Today, central bank Governor Agus Martowardojo said one of the key reasons why the rupiah is strengthening is capital inflows. After warmly welcoming Indonesia's Q4-2015 GDP growth figure foreign investors seem to have regained confidence in the fundamentals of the Indonesian economy and the government's commitment to boost economic expansion. As a result, foreigners have increased investment in Indonesian (corporate and state) bonds, stocks, as well as foreign direct investment (FDI).

Martowardojo said global conditions also contribute to this recent success. Investing in Japan and the Eurozone have been made unattractive due to negative interest rates, China's economy is still plagued by concerns about a hard landing, while there is still a high degree of uncertainty about the US economy. "In this global context, Indonesia is one of the better choices for investors," the Bank Indonesia Governor said.

Another matter that supports the value of the rupiah is that Indonesia's central bank (Bank Indonesia) is not expected to cut its interest rate environment too aggressively this year as there have emerged some inflationary pressures. yesterday, Statistics Indonesia (BPS) announced that Indonesia's inflation rate rose to 4.42 percent (y/y) in February 2016, up from 4.14 percent (y/y) in the preceding month. In the first two months of 2016, Bank Indonesia cut its benchmark interest rate (BI rate) to 7.00 percent. Commonwealth Bank of Australia economist Andy Ji said the rupiah is appreciating as it is a high-yielding currency that benefits from the risk-on sentiment.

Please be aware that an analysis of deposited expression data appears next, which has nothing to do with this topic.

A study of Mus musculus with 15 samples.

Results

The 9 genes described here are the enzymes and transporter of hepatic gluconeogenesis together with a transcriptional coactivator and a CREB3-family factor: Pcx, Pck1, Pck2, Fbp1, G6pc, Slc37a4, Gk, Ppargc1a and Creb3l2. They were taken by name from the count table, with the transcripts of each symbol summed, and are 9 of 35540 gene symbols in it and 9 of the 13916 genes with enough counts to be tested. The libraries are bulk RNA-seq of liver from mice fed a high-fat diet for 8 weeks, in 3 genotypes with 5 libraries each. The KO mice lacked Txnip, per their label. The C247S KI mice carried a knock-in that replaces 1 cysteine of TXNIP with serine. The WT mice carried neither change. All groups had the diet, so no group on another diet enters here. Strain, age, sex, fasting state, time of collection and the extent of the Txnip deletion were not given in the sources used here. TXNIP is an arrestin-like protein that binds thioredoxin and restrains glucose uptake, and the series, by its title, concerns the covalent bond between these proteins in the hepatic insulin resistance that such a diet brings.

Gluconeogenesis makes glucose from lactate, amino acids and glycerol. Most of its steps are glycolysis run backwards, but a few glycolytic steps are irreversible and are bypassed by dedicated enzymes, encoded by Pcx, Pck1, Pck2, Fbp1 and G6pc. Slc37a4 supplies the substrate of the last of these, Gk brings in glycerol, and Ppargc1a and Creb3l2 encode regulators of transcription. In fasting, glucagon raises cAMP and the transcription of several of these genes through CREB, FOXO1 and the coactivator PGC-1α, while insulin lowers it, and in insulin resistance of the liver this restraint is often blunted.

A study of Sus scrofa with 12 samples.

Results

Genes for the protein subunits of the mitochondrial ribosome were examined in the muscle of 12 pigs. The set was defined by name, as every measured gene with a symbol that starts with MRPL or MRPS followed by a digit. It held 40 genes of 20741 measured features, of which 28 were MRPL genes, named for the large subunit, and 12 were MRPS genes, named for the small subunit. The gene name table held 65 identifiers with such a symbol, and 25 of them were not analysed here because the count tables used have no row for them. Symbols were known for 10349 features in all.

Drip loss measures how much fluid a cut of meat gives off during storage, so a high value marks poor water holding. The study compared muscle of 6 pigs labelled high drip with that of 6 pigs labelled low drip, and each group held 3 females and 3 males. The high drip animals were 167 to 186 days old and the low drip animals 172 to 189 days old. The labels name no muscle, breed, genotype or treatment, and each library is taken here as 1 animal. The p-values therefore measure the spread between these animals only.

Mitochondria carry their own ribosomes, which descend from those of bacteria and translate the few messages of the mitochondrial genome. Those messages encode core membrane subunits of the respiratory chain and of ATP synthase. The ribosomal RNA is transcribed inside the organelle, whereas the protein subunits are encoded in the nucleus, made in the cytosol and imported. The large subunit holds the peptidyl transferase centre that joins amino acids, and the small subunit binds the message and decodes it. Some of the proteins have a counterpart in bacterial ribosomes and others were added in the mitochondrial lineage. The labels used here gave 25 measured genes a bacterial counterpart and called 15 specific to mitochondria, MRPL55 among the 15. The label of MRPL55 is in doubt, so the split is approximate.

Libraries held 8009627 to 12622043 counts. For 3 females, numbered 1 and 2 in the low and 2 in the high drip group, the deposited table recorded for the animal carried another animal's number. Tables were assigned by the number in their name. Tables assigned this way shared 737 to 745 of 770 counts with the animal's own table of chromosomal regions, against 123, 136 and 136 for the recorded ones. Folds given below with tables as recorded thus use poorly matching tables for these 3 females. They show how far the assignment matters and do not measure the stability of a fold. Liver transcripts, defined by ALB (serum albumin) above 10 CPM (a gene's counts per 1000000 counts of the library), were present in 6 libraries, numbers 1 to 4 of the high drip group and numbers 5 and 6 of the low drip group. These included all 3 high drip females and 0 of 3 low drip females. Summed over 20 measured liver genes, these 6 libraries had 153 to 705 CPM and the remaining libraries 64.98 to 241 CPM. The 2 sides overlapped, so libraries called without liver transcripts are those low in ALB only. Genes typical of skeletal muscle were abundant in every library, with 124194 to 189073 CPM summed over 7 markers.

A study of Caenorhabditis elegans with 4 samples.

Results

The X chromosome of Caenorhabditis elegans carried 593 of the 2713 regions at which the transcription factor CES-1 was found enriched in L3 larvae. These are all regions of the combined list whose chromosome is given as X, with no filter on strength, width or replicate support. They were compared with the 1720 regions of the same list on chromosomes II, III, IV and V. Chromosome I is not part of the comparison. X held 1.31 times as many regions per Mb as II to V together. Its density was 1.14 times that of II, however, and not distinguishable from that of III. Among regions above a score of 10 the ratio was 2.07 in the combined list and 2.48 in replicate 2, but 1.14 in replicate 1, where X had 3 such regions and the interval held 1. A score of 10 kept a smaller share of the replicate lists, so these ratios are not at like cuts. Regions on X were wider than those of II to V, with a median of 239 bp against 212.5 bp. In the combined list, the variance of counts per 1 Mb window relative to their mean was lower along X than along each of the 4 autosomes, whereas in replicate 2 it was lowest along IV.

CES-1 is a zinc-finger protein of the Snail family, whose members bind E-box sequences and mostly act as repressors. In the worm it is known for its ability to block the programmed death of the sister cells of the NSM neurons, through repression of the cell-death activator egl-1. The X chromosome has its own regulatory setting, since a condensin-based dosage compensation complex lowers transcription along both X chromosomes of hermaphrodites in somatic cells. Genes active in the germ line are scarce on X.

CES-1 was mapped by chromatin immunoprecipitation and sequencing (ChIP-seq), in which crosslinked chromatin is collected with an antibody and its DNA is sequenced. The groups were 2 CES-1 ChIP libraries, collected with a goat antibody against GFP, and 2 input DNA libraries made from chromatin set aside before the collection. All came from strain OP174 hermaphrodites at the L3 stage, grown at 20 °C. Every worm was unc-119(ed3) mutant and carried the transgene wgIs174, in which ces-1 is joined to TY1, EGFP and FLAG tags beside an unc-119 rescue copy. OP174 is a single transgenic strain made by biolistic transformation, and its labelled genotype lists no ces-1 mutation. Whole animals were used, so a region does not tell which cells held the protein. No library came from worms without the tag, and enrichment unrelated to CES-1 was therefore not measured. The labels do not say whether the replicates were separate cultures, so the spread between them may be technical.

Meanwhile, Morgan Stanley Investment Management is becoming positive about the Indonesian rupiah (and Malaysian ringgit) as the country is less reliant on exports to China compared to other Asian economies. It is therefore no surprise to see the rupiah recovering from a 17-year low and now becoming the best performer among Asia's emerging currencies.

Data from Bloomberg shows that global investors have increased their holdings of Indonesian debt by USD $2.1 billion so far this year and have put USD $155 million into Indonesia's equities (after withdrawing USD $1.6 billion last year).

This week Asian currencies have been appreciating against the US dollar after China's central bank cut its reserve requirements for banks, hence boosting investor appetite for risk. Meanwhile, concern about currency wars in the Asian continent have eased after policymakers at the G-20 meeting agreed on the commitment not to devalue currencies in a way that could trigger a currency war.

Bank Indonesia's benchmark rupiah rate (Jakarta Interbank Spot Dollar Rate, abbreviated JISDOR) appreciated 0.40 percent to IDR 13,314 per US dollar on Wednesday (02/03).

Indonesian Rupiah versus US Dollar (JISDOR):

| Source: Bank Indonesia

Meanwhile, Indonesia's benchmark stock index (Jakarta Composite Index) rose 1.18 percent to 4,836.20 points on Wednesday.